Agilent Technologies to present novel methods for sensing nanoscale binding events with atomic force microscope


Agilent Technologies Inc. announced that Dr. W. Travis Johnson, Life Sciences Applications manager, will present a paper on innovative techniques for using scanning probe microscopes (SPMs) and atomic force microscopes (AFMs) in the study of biological phenomena. Johnson will discuss TREC - Topography and RECognition - a powerful, SPM/AFM imaging mode that combines molecular-scale imaging with the sensitivity of a piconewton-scale single molecule biosensor.

The study of nanoscale binding events offers scientists the ability to look at primary events in a variety of biological phenomena, from DNA replication and RNA transcription to immune response, tissue growth, cellular differentiation, and the action of drugs, hormones and toxic substances. TREC combines simultaneous, real-time detection of molecular recognition events and single-molecule sensitivity with the imaging capability of the AFM. Commercially available, Agilent's PicoTREC is a tool for the life sciences, biophysics, materials and polymer sciences, nanotechnology, and any field where it is useful to study molecular interactions in real time. It can be used to image and map binding sites, study biological processes, and probe nanometer-scale areas on a variety of surfaces.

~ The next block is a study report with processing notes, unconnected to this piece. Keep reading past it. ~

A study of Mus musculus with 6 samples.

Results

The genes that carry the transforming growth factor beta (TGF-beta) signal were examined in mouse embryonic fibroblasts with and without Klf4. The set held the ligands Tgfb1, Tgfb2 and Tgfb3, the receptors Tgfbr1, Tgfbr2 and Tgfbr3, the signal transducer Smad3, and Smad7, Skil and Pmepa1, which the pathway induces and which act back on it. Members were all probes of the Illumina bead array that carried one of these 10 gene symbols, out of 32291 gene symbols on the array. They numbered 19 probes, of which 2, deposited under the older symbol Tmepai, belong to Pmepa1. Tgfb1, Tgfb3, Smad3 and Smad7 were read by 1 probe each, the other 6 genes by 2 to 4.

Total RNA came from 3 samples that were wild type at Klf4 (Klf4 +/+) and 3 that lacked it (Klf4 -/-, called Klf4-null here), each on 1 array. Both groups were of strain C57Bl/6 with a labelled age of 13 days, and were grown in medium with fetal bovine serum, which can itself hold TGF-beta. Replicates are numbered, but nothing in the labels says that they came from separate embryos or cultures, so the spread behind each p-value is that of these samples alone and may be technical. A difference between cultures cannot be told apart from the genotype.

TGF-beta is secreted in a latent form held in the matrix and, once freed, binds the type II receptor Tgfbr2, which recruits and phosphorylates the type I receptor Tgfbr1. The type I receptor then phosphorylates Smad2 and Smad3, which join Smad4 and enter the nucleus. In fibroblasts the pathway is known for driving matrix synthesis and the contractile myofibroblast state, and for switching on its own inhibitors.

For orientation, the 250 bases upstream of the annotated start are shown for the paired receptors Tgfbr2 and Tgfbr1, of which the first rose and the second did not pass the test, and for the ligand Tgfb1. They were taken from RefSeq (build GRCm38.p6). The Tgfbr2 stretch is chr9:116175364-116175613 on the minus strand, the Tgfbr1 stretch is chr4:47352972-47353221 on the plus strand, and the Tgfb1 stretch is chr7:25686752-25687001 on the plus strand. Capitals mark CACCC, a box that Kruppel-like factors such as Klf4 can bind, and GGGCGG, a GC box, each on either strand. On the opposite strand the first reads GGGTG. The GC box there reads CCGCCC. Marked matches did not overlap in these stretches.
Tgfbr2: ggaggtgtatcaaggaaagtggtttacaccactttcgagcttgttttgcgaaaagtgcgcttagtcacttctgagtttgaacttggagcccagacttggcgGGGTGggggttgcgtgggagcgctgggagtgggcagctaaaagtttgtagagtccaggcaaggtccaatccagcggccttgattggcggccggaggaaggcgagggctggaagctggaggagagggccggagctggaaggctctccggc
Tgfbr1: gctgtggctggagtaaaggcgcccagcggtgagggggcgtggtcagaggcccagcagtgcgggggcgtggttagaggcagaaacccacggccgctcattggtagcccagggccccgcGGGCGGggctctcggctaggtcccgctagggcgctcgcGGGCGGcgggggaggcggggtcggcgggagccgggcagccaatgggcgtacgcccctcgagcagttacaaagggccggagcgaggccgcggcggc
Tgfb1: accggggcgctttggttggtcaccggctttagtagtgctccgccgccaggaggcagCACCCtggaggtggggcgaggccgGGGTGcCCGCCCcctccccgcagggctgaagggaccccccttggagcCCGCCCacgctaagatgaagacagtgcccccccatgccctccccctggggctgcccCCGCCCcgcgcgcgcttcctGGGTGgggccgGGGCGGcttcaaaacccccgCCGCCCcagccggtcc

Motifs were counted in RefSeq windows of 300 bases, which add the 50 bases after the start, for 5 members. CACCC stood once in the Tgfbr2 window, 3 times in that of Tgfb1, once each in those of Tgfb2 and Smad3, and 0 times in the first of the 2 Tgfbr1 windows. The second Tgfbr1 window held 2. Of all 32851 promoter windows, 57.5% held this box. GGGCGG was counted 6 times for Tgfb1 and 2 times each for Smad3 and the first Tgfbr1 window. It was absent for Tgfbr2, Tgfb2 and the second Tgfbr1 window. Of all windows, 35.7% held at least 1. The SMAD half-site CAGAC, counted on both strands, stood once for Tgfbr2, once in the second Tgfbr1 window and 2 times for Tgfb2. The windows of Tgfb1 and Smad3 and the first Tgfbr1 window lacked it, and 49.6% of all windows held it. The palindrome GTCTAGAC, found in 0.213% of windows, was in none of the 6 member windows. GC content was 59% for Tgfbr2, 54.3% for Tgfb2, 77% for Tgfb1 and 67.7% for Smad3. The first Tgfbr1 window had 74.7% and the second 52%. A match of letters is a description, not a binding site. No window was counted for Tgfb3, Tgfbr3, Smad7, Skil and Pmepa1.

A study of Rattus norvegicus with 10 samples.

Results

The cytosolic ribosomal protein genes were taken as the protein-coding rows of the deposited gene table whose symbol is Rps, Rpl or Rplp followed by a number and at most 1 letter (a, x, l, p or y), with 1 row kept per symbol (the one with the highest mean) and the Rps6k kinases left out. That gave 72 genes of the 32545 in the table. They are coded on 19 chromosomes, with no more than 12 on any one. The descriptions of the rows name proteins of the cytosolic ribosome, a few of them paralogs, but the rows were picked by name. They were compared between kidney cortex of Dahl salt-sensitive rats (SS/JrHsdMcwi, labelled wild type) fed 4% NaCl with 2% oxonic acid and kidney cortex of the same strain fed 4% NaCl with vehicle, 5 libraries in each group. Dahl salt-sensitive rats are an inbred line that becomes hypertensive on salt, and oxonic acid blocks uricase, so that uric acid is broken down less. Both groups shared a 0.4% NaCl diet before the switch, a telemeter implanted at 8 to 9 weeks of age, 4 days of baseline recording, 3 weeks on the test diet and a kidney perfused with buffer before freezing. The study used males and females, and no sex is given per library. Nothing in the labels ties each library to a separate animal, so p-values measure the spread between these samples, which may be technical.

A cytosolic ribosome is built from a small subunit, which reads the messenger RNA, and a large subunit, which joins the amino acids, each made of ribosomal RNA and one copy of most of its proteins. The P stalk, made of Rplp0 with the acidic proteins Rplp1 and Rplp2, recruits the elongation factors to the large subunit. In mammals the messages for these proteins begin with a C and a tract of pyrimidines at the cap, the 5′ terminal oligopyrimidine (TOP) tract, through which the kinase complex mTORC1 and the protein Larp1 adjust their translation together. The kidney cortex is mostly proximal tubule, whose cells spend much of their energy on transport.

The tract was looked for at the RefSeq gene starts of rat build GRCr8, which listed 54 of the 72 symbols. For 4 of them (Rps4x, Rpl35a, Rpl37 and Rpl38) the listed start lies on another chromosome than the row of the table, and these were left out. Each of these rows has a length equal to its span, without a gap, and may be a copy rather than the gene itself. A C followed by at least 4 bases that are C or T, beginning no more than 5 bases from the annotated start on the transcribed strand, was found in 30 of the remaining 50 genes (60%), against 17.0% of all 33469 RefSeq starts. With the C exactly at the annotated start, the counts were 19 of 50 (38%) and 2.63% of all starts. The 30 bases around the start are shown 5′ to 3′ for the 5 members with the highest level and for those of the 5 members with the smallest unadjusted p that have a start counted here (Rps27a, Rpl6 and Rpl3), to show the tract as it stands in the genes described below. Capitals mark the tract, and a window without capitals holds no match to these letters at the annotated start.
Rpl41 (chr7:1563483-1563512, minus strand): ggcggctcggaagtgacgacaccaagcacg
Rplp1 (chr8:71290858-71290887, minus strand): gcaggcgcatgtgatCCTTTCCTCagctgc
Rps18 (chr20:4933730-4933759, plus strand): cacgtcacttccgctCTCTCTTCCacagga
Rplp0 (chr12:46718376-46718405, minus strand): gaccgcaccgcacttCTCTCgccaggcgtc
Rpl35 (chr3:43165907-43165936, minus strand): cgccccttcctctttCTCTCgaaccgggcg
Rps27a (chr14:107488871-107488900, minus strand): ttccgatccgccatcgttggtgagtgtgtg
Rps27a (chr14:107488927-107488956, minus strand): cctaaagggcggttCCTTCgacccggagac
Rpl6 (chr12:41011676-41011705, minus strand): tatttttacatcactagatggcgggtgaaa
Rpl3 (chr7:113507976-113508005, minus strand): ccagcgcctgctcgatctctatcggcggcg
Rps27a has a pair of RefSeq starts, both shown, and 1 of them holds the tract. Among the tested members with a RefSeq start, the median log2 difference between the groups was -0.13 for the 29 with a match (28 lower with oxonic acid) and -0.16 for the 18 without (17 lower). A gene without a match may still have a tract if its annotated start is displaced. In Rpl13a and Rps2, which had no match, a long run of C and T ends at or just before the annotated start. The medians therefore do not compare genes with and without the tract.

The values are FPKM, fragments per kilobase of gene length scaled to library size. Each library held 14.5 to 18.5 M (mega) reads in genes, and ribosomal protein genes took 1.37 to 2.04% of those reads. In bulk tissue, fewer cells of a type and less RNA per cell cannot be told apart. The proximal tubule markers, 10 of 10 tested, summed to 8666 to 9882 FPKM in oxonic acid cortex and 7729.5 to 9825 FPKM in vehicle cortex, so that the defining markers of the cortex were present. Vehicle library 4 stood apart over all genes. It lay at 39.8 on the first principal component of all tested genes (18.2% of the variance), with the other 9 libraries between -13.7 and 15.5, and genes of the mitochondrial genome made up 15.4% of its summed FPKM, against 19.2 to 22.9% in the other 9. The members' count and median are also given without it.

"The ability to view and understand events as they occur at the molecular level will increase our understanding of how systems work and lead to new discoveries in many fields, including life sciences, material sciences and nanotechnology," said Bob Burns, vice president of the Nanotechnology Measurements Division at Agilent. "New developments in these fields are dependent to a large extent on an improved understanding of how discrete molecular structures interact in molecular binding events. With PicoTREC, we can already anticipate advances in pharmacology, polymers and other materials sciences, as well as immunology and bio-compatibility."